France have warned Israel that unless the Israeli-Palestinian conflict is resolved, it will officially recognise Palestine as its own independent sovereign state.
“France will engage in the coming weeks in the preparation of an international conference bringing together the parties and their main partners, American, European, Arab, notably to preserve and make happen the two-state solution,” French Foreign Affairs Minister Laurent Fabius announced.
A French diplomatic source added that Paris intended to launch this conference by the summer.
Shortly after the announcement, the Palestinian Authority’s Negotiations Affairs Departmentwelcomed the initiative in a Twitter post and stated that they would be contacting France shortly.
Israeli newspaper Haaretz late Friday quoted a senior Israeli official rejecting Fabius’ warning that France would recognise a Palestinian state if the peace efforts failed.
Promise to recognise Palestinian state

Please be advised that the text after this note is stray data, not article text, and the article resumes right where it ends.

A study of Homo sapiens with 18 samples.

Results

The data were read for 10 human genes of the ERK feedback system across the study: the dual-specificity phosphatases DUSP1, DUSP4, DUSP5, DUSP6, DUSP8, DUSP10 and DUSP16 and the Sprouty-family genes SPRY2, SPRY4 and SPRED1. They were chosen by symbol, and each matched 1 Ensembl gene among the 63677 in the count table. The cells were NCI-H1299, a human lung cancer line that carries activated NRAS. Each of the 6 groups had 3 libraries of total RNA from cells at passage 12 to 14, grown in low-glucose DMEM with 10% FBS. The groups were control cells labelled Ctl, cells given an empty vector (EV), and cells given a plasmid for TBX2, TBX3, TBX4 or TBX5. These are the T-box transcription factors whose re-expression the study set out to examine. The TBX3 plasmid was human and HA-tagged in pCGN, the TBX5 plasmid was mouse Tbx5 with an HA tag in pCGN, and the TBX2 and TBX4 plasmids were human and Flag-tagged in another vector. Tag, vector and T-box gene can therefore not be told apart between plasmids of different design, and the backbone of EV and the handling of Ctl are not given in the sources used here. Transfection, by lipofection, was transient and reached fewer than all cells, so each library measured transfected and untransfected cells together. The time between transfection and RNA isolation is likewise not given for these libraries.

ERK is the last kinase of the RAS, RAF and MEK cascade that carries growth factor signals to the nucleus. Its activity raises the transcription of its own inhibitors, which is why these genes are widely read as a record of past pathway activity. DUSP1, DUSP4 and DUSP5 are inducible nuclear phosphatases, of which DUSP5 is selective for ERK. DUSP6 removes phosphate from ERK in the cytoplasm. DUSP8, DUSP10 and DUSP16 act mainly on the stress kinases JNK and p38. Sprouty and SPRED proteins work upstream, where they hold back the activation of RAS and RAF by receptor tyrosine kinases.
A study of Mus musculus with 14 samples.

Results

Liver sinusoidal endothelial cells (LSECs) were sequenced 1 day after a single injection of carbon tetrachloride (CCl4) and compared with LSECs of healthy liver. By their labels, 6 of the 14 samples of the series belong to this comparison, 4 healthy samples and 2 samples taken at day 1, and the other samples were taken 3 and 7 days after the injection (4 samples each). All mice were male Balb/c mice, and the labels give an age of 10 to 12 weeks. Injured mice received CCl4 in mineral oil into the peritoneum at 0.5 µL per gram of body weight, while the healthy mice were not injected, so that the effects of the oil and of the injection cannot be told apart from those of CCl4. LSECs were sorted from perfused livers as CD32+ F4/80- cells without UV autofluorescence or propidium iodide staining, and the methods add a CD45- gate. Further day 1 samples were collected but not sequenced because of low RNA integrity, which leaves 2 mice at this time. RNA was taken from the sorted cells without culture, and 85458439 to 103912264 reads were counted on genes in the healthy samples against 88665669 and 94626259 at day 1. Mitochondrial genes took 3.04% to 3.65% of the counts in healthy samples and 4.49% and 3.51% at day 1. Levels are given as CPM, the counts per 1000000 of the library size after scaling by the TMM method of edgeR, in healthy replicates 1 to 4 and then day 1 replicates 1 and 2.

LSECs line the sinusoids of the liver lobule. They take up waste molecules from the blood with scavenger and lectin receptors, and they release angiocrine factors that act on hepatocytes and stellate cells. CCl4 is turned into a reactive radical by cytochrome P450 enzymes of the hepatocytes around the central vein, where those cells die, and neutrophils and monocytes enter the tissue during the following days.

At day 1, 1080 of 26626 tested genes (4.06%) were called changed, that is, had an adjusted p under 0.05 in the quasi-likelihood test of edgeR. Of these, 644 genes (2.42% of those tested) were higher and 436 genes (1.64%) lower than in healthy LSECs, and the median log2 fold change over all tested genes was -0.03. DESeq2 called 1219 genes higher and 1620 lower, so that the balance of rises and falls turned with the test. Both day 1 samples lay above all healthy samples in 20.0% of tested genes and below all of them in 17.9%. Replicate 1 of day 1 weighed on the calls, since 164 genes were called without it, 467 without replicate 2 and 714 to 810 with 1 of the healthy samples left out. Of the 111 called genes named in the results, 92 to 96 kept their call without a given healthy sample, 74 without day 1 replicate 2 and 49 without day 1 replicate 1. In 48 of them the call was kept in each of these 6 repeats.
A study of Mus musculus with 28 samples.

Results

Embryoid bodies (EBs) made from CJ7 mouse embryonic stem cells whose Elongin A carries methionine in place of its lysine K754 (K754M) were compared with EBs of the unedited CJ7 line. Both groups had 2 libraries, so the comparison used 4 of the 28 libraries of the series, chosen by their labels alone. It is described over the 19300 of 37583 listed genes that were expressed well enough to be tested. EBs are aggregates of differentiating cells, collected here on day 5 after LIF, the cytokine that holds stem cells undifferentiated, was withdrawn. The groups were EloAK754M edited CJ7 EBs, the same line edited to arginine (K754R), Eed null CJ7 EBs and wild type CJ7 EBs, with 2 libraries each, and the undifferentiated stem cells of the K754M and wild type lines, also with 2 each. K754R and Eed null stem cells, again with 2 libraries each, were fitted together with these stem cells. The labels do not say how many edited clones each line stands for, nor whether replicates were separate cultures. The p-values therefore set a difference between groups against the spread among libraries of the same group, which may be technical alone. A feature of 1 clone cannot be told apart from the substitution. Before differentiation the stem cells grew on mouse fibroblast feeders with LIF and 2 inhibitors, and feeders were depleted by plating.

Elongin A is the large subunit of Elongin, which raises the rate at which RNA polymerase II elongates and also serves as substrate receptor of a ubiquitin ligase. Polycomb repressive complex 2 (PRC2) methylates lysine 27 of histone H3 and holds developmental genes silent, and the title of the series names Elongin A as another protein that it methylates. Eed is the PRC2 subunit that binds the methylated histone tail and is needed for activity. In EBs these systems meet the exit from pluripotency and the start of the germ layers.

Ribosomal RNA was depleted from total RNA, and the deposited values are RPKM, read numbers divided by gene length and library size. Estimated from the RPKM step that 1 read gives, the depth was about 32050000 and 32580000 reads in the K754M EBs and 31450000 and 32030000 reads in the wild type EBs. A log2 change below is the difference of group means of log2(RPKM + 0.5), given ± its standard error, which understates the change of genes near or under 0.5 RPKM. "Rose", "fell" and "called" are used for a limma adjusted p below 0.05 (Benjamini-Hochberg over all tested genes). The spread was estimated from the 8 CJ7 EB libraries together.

In response to Fabius’ announcement, a senior US administration official said: “We are not going to speculate about the proposed Conference … The US position on this issue has been clear. We continue to believe that the preferred path to resolve this conflict is for the parties to reach an agreement on final status issues directly.”
The Middle East peace process has stalled because of differences over borders and settlements. There have been no serious moves to resume the peace talks between Israel and Palestinians.
If this last attempt at finding a solution hits a wall, “well … in this case, we need to face our responsibilities by recognising the Palestinian state,” Fabius said.
As a permanent member of the UN Security Council, Fabius added that France had a responsibility to try to keep up efforts to find a solution between Israel and the Palestinians.
Criticism of Israel
“We see that unfortunately colonisation continues and that recently, the Israeli Prime Minister went so far as to reproach the UN Secretary General for encouraging terrorism on the basis that he had reminded of colonisation’s illegality and asked that it cease,” Fabius said.
UN Secretary-General Ban Ki-moon on Tuesday described Israel’s settlements as “provocative acts” that raised questions about its commitment to a two-state solution, nearly 50 years after occupying lands the Palestinians seek for a state.
The United States, European Union and the United Nations have issued unusually stern criticism of Israel, provoking a sharp response from Prime Minister Benjamin Netanyahu and raising Palestinians’ hopes of steps against their neighbour.